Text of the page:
Saturday, September 06, 2008

Three Valleys In Huesca

Taking advantage of the mid-August “puente” in much of Spain, we managed to do 3 days of walking in the Pyrenees of Huesca, using the village of Benasque as our base. All of this left me a bit footsore, two of the routes we did were a bit longer than what I'm used to. Fortunately, the scenery compensated for the effort involved. Day one started with a walk up the valley of Ballibierna, which is one of the possible approach routes for climbing the peak of Aneto. There is a bus service that will take you up to the refuge of Coronas, we found out about this service about 10 minutes after the bus left and the alternative is a 9 kilometre walk. The weather wasn't very promising as we set off, it had rained for most of the previous day and the clouds coming down the valley looked threatening. As it turned out we were lucky and after a brief shower the weather cleared.

The walk up the valley is easy on a good trail, and we made it to the refuge in less than two hours. From there we decided to go up to the Ibones de Coronas, a steep climb up to the lakes lying below the summit of Aneto. This was as close as we would get to the highest peak in the Spanish Pyrenees.

It was cold up there, forget any ideas of summer as a biting wind brought back memories of other seasons. We even got a bit of sleet at one point. The stop by the lake was short, we admired the determination of those who climb up there to camp overnight for an early ascent of Aneto, but we didn't feel tempted to follow their example.

Going down the mountain by the same route, we decided not to wait for the bus and walked back down to the campsite where we had left the car. All of this effort had to be compensated for by the big chuleton we ate at night back in Benasque.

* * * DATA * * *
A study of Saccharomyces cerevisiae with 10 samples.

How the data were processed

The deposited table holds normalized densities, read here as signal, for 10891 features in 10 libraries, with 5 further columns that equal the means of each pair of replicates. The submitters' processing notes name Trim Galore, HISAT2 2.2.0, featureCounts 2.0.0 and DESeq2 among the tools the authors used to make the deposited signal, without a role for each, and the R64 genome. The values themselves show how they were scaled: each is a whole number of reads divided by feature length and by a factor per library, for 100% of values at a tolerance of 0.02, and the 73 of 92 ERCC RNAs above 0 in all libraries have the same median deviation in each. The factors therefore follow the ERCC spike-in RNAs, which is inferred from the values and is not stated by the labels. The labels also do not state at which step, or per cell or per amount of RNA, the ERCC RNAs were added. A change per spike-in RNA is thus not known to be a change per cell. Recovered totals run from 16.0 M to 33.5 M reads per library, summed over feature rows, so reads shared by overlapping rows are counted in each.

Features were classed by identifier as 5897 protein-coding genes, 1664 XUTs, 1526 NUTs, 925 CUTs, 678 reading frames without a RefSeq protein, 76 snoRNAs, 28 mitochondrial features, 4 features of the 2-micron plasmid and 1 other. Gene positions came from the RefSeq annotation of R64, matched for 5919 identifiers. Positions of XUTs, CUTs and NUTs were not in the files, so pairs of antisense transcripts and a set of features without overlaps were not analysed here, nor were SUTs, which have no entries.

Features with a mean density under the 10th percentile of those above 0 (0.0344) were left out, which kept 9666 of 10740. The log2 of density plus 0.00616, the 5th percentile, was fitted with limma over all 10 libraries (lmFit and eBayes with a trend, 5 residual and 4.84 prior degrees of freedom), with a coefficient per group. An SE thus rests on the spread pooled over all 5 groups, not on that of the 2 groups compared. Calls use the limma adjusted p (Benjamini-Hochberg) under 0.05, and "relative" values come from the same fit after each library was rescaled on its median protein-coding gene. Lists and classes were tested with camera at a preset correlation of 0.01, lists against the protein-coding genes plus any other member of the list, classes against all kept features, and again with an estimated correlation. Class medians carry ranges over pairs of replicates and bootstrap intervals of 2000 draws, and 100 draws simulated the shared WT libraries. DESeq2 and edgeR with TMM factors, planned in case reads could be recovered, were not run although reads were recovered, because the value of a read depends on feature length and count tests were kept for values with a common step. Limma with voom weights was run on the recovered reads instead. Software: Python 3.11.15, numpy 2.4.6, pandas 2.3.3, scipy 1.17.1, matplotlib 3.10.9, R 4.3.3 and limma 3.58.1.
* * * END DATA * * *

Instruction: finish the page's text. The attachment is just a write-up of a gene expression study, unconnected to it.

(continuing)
Day two took us to the valley of Estós, which leads to the other major peak of this area; Posets. A trail leaving the main path up the valley makes for a beautiful detour around the Ibones de Ballisielle.

Here we got a bit over confident, trying to do a circular route of all of the lakes left us improvising a path across a field of huge boulders; just when it started raining. Boulder hopping is one of my least favourite activities, a combination of vertigo and a keen survival instinct mean that I avoid it whenever possible. This time there wasn't much choice and it made the round route a bit more exciting than I needed it to be.

From the bottom lake there is a path that leads up the valley to the refuge of Estós. This is what I call a proper mountain refuge, it sells beer. The return route was a path gently returning down the opposite side of the valley. Another long route, but amongst the best we have done.

On the third day we went to the frontier. From the inappropriately named Hospital de Benasque (it’s a hotel) a path goes up to El Portillon, a historic crossing point between France and Spain. This route passes opposite the other side of Aneto, and offers as convincing a reason as I need for not trying to climb it; the glaciar that runs across the breadth of the peak.

They predict it won't be there any more in 50 years time, the glaciar that is, the views from the border side were stunning and we could see all the way up the valley to the beginning of the Catalan Pyrenees.

Benasque makes a great base for walking, we only had to do a few kilometres in the car to cover all three of these routes. As always, GPS recorded routes are available on request for those who want them.